Answer: Japanese maples tend to form a layered branching structure, and many are more of a shrub form really than a single trunked tree. Often they will branch low in order to shade their own roots and naturally work to keep the soil cooler and moister. This may be the form that the larger tree is trying to take.
They are amenable to pruning, and this is sometimes done to enhance their natural shape or form or to try to accommodate them to a specific location. So your plan is probably technically possible from that standpoint.
However, it is possible that the two trees will be in stiff competition for moisture and nutrients and one may overwhelm the other in time. This may be part of what you are seeing already.
Dappled shade or morning sun is generally the best the of location for these plants. The leaf scorch could be caused by excessively hot sun, so using the shade cloth might help although it will be relatively ugly and will probably need to be in place for the life of the tree.
Leaf problems can also be caused by other factors such as too much heat, lack of moisture/humidity or a nutrient/soil problem or even late spring frosts or excessive wind.
At first guess I would expect it to be heat possibly exacerbated by improper watering. The daily light sprinkling routine is undesirable for several reasons. For one, it encourages excessively shallow rooting making the plants even more prone to moisture stress. It is better to provide a good slow soaking less often and then water again when the soil begins to dry -- check it with your finger to know when to water again. A layer of organic mulch several inches thick is also important in helping to moderate the soil moisture and temperature.
You might want to run some basic soil tests to make sure the pH is acceptable and to determine just how much fertilization is required. These trees are not fast growers as one might be mislead to expect judging from other types of maples. In some ways this is a benefit because they are slow to outgrow their allotted location. On the other hand it means the results can be slow to appear in the landscape.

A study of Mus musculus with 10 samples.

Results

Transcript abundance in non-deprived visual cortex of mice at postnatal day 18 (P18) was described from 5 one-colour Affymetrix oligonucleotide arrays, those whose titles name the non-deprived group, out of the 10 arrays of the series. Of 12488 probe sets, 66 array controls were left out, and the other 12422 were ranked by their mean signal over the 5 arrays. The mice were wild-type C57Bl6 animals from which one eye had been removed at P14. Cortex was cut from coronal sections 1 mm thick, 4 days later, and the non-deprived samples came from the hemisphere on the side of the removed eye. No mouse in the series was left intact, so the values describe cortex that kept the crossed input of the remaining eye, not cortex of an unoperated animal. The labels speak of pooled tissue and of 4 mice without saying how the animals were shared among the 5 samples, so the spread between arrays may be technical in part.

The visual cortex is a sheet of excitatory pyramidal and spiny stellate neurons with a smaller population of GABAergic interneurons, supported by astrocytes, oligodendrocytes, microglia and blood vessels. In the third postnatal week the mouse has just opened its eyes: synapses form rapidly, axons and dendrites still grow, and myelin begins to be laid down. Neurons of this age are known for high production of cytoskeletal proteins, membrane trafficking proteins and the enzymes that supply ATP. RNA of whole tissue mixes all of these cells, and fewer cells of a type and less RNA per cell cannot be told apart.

"Viridis" is often used as a catchall term, so which specific maple the smaller plant is, is anyone's guess beyond being a green-leafed dissected variety. If it was grafted, the nursery may be able to give you an idea of what to expect. If it is a seedling, there will be a certainamount of variation in the mature plants. Note that it is quite possible that this particular tree is more heat/moisture sensitive than the other. It is also possible that for some reason this tree has been slower to establish than the other, either due to competition or possibly to an overall relatively weaker constitution or even due to mishandling at some point in the growing/wholesale/retail/planting process having caused it to become rootbound or have some other root-based or graft-based problem. Sometimes, in other words,it is just beyond the gardener's control.
"Boskoop Glory" is the only named variety similar to "Boskop" I have been able to find described, and is said to be a red leafed form reaching approximately 15 feet in the landscape. Perhaps this is the one you have.
Keep in mind that a larger caliper tree will take several years (even three or four especially with naturally slower growing trees) to become established after planting, and will only reach its typical growth rate and vigor once it is established. Even so, I would not expect a Japanese maple with some age on it to grow faster than about six inches a year or so. A younger plant would of course grow faster.
In my experience, it would possibly be preferable to move the smaller tree to a different location and to use a shade tolerant shrub or possibly a piece of sculpture or other physical object to balance the larger tree in the composition. This way you will be able to grow both of the trees to their full potential.
I know that is probably not the answer you wanted to hear. You could also consult on site with a professionally trained, certified arborist to see if they have any suggestions as to what you might do to accomplish your original goal. Good luck with your trees.